Stephen Farry: I believe that we can find some common ground around Brexit
A new MP’s view
The UK Parliament is a qualitatively different experience from the Assembly.
Brexit briefing Newsletter
For someone who has been an MLA for over 12 years, including a term as a Minister, and is used to Parliament Buildings, it is especially different.
There are three features that stand out.
The first is the sheer size and scale of the operation in Parliament.
The second is the degree of traditional, and sometimes archaic, ritual involved with many things.
And the third, and deepest challenge for me, is learning to find your way around. Parliament Buildings in Stormont is logically set out on a symmetrical grid, whereas the Houses of Parliament is a seemingly illogical maze of corridors and staircases, hundreds of them (or so it seems).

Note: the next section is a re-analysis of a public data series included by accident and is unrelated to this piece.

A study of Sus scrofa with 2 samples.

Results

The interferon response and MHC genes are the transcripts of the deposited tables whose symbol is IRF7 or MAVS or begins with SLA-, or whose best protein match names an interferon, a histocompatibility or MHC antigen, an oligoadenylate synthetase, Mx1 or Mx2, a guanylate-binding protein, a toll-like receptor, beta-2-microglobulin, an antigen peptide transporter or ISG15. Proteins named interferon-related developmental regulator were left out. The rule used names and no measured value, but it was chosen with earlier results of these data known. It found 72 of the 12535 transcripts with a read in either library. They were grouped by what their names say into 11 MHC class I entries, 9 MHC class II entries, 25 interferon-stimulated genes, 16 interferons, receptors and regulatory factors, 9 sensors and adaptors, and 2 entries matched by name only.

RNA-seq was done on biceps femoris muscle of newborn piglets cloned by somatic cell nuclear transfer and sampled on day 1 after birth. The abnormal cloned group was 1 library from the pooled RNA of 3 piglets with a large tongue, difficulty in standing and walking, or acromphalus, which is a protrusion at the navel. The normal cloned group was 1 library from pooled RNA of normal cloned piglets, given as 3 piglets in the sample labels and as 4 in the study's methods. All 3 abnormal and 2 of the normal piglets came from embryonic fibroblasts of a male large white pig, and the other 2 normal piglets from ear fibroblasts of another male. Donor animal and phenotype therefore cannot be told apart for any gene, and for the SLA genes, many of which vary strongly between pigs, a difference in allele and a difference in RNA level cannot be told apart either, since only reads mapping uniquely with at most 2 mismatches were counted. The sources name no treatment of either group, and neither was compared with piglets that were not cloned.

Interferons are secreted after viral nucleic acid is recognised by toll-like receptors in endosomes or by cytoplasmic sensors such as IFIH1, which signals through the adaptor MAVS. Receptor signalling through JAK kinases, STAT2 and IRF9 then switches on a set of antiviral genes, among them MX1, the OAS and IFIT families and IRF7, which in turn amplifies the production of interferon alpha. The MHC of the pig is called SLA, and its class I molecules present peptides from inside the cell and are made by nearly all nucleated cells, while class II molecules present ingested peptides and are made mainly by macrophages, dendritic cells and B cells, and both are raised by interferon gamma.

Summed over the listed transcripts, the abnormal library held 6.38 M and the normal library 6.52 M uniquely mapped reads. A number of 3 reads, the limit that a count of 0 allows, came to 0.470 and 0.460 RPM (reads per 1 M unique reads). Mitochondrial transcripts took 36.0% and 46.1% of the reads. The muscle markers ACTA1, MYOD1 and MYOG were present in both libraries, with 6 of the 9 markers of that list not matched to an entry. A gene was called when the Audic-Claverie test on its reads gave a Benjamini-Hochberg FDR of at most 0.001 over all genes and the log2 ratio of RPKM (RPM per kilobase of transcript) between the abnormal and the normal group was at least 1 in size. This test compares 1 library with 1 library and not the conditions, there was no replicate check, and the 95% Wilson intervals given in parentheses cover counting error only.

The first few days as an MP are dominated by a broad range of bureaucratic and administrative tasks, combined with the oath or affirmation of allegiance.
There is no time for any MP, especially those of us from Northern Ireland, to read ourselves in.
After the Queen's Speech we are straight into the vital Brexit legislation.
It does now seem inevitable the UK will see Brexit at the end of January based on the Boris Johnson deal - it is a much larger, harder version of Brexit than offered by the Theresa May Deal.
There is still a massive piece of work to do be done to try to mitigate some of the worst aspects of that for Northern Ireland.
Notwithstanding the different Remain and Leave approaches across the local parties, from initial discussions between ourselves in Alliance, the SDLP and DUP, I believe some common ground can be found and agreed representations to the UK Government made alongside some amendments being proposed.
The level of media interest in London regarding the fresh Remain perspectives coming from Northern Ireland is particularly encouraging, as is the welcome from many MPs across all parties. That said, it is hard to escape the dysfunctionality of UK politics, with populism and nationalism currently in the ascendancy in many places.
As an MP, I know there is a lot of work ahead in standing up for Northern Ireland, and for sensible and rational politics.